We leave alternate Americas and possible futures and return to the here and now with Wake, the first volume of Robert W. Sawyer’s planned trilogy about an emerging consciousness on the World Wide Web. Just to make sure we get it, Sawyer is titling the subsequent volumes Watch and Wonder. Well, this might not be so bad if this had been a better book. But it left me feeling pretty unimpressed, sadly, for all the interest that this concept might generate. Because as Sawyer points out (in the press release accompanying the book’s publication), the web will soon have as many connections as there are neural connections in the human brain. This does raise a tantalizing prospect, one that science fiction writers have been exploring since Arthur C. Clarke in the 1960s—an emergent artificial intelligence.
Sawyer deliberately takes a route contrary to the cyberpunk ethos initially forged by William Gibson in Neuromancer. Where cyberpunk is dark, gloomy and, yes, punky, Sawyer has us approach the concept through the persona of 15-year-old Caitlin Decter, blind from birth but who has her sight restored to her. Caitlin is, purely by coincidence, a math genius and a whiz programmer, all of which she finds helpful as the book progresses. And she’s a really great kid too. Sawyer knows his stuff, to be sure—we learn a bit about cellular automata, information theory, and quite a lot about the visual system. And the analogies between Caitlin’s learning to see and the emerging consciousness’s grappling with reality, or what it perceives as the representation of reality, are constant throughout the book. In fact, maybe too much so, although I note that one reviewer seems to think this is a Young Adult book. I can see how he got that impression.
This is a worthy subject, and Sawyer clearly has thought about this a great deal. He is planning a trilogy, after all (which is why there are a whole raft of loose ends relating to a bunch of sub-plots involving skullduggery by the Chinese government, and a chimp/bonobo hybrid who paints portraits). So why was I disappointed? Several reasons. First, it does read like a YA book. While the characters are well described, and Caitlin is endearing, they’re still pretty stock characters, and it was hard to take them seriously as anything more than that. I’ve been reading science fiction for decades now, and we’re still writing books about teenage geniuses with physicist fathers? This could have been written by Robert Heinlein as one of his books for boys, although in this case it would be books for girls.
Second, I just didn’t believe it. Sawyer does well when he deals with real people (often scientists, to be sure) who face a situation and have to deal with its consequences, and he’s usually pretty good at considering the societal implications of whatever issue he’s writing about. But in this case, it’s all a bit too relaxed. Maybe that’s because things will start heating up in the next volume. But I found the tempo entirely too laid back, especially when Caitlin discovers sight. I still have a vivid memory of the characters in Daniel F. Galouye’s Dark Universe as they encountered light for the first time, and it was thrilling. Sawyer’s description of Caitlin’s first sights just don’t impress—yes, it’s an emotional experience, and a tearful one too, but it all seems a bit unconvincing. It reads as if she’s brushing her teeth. Yes, yes, she’s smart, we know that, but still—it can’t be that simple. Running The Helen Keller analogy is a nice touch at first, but also gets a bit belabored.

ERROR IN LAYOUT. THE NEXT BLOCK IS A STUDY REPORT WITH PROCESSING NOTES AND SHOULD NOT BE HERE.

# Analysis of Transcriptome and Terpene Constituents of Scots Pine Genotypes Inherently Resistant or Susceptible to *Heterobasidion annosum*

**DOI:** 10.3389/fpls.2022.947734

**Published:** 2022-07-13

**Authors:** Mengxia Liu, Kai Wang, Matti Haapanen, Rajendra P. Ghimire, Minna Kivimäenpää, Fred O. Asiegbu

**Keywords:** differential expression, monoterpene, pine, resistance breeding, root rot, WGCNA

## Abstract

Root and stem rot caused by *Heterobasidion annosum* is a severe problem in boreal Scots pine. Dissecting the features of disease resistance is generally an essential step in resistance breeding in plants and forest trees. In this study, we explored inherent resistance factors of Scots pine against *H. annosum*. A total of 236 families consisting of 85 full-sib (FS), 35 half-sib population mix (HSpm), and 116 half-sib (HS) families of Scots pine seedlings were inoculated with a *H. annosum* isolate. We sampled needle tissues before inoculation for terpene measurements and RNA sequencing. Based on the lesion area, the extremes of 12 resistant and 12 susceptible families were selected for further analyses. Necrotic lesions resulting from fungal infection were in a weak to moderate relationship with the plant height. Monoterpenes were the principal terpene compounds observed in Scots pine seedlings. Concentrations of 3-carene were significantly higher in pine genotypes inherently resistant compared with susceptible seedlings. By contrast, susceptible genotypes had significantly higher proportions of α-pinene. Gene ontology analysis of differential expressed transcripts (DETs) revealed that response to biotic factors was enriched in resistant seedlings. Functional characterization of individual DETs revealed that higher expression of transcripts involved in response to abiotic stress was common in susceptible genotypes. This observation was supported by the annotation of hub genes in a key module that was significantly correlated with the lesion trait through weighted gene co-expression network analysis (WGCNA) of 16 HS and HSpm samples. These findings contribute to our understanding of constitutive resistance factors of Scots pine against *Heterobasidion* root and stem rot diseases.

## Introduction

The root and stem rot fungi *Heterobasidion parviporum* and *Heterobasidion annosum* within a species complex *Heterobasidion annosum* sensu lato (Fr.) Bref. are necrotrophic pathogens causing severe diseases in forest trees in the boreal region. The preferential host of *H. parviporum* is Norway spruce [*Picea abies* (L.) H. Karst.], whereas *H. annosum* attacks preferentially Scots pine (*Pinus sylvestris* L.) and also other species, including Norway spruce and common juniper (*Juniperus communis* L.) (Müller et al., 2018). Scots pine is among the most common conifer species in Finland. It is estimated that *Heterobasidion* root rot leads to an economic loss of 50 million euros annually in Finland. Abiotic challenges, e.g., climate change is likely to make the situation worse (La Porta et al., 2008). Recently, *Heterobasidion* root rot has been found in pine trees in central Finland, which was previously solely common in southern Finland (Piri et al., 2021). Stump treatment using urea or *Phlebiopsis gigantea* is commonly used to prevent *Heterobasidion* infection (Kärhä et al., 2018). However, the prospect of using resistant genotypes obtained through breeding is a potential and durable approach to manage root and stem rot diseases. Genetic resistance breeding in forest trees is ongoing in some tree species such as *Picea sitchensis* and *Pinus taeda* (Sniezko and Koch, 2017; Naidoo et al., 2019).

Nor was I convinced by the entity’s coming to knowledge, if that’s the correct term. (Just what would be the correct term, anyway?) Sawyer attempts something difficult here, and it’s disappointing, but not surprising, that he doesn’t quite pull it off. Because as soon as I figured out what this entity was, all sorts of questions started occurring to me about why it was doing this, or how could it determine that, that all more or less led me to think this was all a bit too convenient. The scenes describing this process of how the entity learns should be the crux of the book, and yet it feels incomplete and artificial. Perhaps the problem is Sawyer’s straightforward (or boring, depending on your point of view) style. While he has no hesitation in describing a lot of the relevant science along the way when people are having conversations, the entity’s coming to knowledge is deliberately presented as moving from some sort of inchoate flailing around to gathering more knowledge as it goes along. And while this sort of process is difficult to describe, surely it deserves a bit more explication than Sawyer provides us with. How does the entity get the language to begin describing its experiences in the first place, for example?
I suppose all of this must be by design, and we get to the good stuff in the next two volumes. Even if they pick up, somehow I suspect that I’ll still be scratching my head, wondering how this book got nominated for a Hugo. The fact that I have to think about whether I want to bother with the forthcoming volumes tells me that I already know the answer. I’m not alone, apparently.